Good books about Vladimir Putin, modern Russia and the Russian oligarchy

Red Notice helps understand modern Russia and the Russian oligarchy In recent years, Americans have come to view Russia under Vladimir Putin with growing alarm. Phrases like “the new Cold War” and “the return of the Soviet Union” have been cropping up in the press and social media. And recent revelations about Russian hacking of elections in the United States and Western Europe have exacerbated the fears.

To gain perspective on the reality behind the conventional wisdom, I recommend the following seven nonfiction books. You might gain additional perspective from the seven novels listed farther below. Each title is linked to my review, the headline of which appears within parentheses. Within each of the two groups, the books are listed in alphabetical order by the authors’ last names.

7 nonfiction books about modern Russia and the Russian Oligarchy

A History of Future Cities by Daniel Brook—Urbanization, globalization and the future of humanity

Red Notice: A True Story of High Finance, Murder, and One Man’s Fight for Justice by Bill Browder (A true story of high finance and murder in Putin’s Russia)

Bill Browder was one of the first and biggest Western investors in Russia after the fall of Communism. His success there turned into a nightmare, which he describes in this book.

The Zhivago Affair: The Kremlin, the CIA, and the Battle Over a Forbidden Book by Peter Finn and Petra Couvée—How a novel helped speed the collapse of the Soviet Union

The CIA printed thousands of copies of Boris Pasternak’s epic novel Doctor Zhivago and smuggled them into the Soviet Union in the 1950s in an effort to undermine the Communist regime.

The Man Without a Face: The Unlikely Rise of Vladimir Putin by Masha Gessen (Vladimir Putin, the KGB, and the restoration of Soviet Russia)

The Russian-American journalist Masha Gessen is an outspoken critic of Vladimir Putin and Donald Trump. Her biography of Putin is unsparing but informed by intimate knowledge of Putin’s Russia.

Collusion: Secret Meetings, Dirty Money, and How Russia Helped Donald Trump Win by Luke Harding, and

The Steele Dossier: Trump Intelligence Allegations by Christopher Steele (Collusion exposed, but is there more? Is Donald Trump a Russian agent?)

I reviewed these two books together. (The Steele Dossier is just 34 pages long.) Christopher Steele is the former MI6 officer who reported shocking collusion between Donald Trump’s campaign and the Russian hierarchy. Guardian reporter Luke Harding offers evidence to prove that collusion between Trump and Putin is far more serious than the crimes that led to Watergate. (Robert Mueller and his team concluded they could not prosecute the case for collusion, but the evidence was abundant nonetheless—and obvious to any discerning observer.)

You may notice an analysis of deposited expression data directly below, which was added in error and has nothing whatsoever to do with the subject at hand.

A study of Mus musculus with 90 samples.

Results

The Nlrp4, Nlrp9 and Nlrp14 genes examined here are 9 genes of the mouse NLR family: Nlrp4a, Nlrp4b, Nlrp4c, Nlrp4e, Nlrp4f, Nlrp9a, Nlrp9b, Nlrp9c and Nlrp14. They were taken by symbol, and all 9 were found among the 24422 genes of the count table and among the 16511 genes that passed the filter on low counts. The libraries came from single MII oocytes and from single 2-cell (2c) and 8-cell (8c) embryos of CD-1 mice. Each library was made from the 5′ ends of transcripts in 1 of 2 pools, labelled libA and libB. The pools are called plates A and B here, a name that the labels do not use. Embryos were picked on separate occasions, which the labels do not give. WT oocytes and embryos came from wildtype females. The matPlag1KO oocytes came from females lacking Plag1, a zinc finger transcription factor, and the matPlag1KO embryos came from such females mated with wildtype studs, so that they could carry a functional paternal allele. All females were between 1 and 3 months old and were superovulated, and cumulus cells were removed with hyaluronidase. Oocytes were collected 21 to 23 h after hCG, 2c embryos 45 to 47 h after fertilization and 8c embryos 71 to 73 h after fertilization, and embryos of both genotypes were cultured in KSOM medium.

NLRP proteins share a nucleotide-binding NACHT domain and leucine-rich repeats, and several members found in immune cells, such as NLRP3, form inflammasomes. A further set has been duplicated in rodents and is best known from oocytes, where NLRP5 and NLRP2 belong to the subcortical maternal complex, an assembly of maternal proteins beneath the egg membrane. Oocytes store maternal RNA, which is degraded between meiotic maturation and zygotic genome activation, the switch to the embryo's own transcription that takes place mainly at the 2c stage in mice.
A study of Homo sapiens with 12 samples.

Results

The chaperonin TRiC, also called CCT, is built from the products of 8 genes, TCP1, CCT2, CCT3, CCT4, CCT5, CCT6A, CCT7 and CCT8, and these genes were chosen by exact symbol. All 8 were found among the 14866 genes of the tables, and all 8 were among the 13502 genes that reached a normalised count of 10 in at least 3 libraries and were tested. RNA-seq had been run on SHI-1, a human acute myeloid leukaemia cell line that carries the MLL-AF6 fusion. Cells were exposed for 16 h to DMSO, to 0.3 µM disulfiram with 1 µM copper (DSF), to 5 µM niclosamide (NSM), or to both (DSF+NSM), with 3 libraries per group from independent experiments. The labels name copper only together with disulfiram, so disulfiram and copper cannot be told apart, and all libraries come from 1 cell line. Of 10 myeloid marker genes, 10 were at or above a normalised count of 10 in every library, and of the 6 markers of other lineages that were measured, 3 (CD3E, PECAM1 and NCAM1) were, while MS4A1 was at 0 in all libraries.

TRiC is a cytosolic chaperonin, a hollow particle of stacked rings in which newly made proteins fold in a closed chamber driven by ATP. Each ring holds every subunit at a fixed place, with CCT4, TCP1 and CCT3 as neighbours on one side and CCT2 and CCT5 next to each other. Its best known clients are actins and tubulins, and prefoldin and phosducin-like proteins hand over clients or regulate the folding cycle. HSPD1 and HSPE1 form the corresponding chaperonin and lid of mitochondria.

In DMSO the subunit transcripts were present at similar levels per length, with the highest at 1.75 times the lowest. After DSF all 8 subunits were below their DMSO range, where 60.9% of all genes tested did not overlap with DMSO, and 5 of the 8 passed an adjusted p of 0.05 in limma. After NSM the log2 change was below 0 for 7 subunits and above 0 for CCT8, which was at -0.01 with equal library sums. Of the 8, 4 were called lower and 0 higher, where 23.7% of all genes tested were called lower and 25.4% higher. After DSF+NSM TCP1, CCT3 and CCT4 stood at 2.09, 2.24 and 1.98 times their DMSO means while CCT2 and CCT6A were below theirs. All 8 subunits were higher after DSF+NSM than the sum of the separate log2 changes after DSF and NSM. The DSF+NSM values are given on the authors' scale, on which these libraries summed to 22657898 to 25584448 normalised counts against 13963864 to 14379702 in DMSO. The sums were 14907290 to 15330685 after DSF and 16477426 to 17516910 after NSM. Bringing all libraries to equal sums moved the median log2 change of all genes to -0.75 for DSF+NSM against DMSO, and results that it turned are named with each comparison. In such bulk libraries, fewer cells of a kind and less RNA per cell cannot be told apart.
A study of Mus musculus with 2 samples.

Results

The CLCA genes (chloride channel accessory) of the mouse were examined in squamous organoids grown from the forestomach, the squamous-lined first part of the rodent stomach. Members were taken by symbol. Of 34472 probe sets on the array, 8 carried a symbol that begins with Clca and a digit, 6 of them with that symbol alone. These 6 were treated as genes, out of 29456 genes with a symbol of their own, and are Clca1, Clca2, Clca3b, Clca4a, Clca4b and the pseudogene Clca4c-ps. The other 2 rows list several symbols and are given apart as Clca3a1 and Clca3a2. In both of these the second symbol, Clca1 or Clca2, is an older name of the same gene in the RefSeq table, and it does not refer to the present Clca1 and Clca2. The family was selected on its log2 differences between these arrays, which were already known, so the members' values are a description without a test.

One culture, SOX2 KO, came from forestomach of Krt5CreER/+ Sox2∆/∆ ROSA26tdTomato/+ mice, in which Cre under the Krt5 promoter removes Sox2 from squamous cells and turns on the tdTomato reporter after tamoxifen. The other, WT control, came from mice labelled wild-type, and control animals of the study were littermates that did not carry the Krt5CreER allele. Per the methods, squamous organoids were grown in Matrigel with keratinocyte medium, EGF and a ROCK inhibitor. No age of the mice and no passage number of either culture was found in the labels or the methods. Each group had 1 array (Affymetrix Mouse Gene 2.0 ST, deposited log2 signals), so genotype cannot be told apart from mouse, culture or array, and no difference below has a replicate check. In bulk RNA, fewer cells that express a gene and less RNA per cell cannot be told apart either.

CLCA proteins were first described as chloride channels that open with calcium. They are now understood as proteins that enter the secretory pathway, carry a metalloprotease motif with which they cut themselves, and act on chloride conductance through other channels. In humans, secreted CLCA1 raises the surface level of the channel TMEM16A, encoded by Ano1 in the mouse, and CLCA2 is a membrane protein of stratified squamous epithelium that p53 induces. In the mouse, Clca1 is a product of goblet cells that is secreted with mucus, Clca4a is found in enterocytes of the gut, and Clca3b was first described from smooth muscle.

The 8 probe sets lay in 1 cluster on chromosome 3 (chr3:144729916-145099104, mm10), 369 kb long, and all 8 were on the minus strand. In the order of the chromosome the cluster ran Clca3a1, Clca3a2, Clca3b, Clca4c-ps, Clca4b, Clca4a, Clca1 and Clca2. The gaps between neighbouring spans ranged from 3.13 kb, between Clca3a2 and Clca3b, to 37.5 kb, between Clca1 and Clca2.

Russian Roulette: The Inside Story of Putin’s War on America and the Election of Donald Trump by Michael Isikoff and David Corn (200 Russian hackers, Vladimir Putin and the 2016 election)

American journalists Michael Isikoff and David Corn explain exactly what steps the Russian government took to destabilize US society and help Donald Trump win the White House.

Russia Without Putin: Money, Power, and the Myths of the New Cold War by Tony Wood (Why is the Russian oligarchy hostile to the West?)

British journalist Tony Wood, who writes for Britain’s New Left Review, offers a perspective on Vladimir Putin and the oligarchy surrounding him that is at odds with what is widely believed—and, for the most part, he’s convincing.

7 novels about modern Russia and the Russian oligarchy

The Deceivers (John Wells #12) by Alex Berenson (Russia takes the next step in the latest John Wells spy novel)

Single & Single by John le Carre (Money-laundering and the Russian mob)

Defectors by Joseph Kanon (A superb new novel about defectors in Moscow)

The Kremlin’s Candidate (Red Sparrow Trilogy #3) by Jason Matthews (The gripping conclusion to the Red Sparrow Trilogy)

Breaking Cover (Liz Carlyle #9) by Stella Rimington (Russian agents under cover in the UK)

Three Stations (Arkady Renko #7) by Martin Cruz Smith  (In an Arkady Renko novel, a look inside Russia under Putin)

On a much lighter note, check out Make Russia Great Again by Christopher Buckley (Satirizing Donald Trump is a tall order).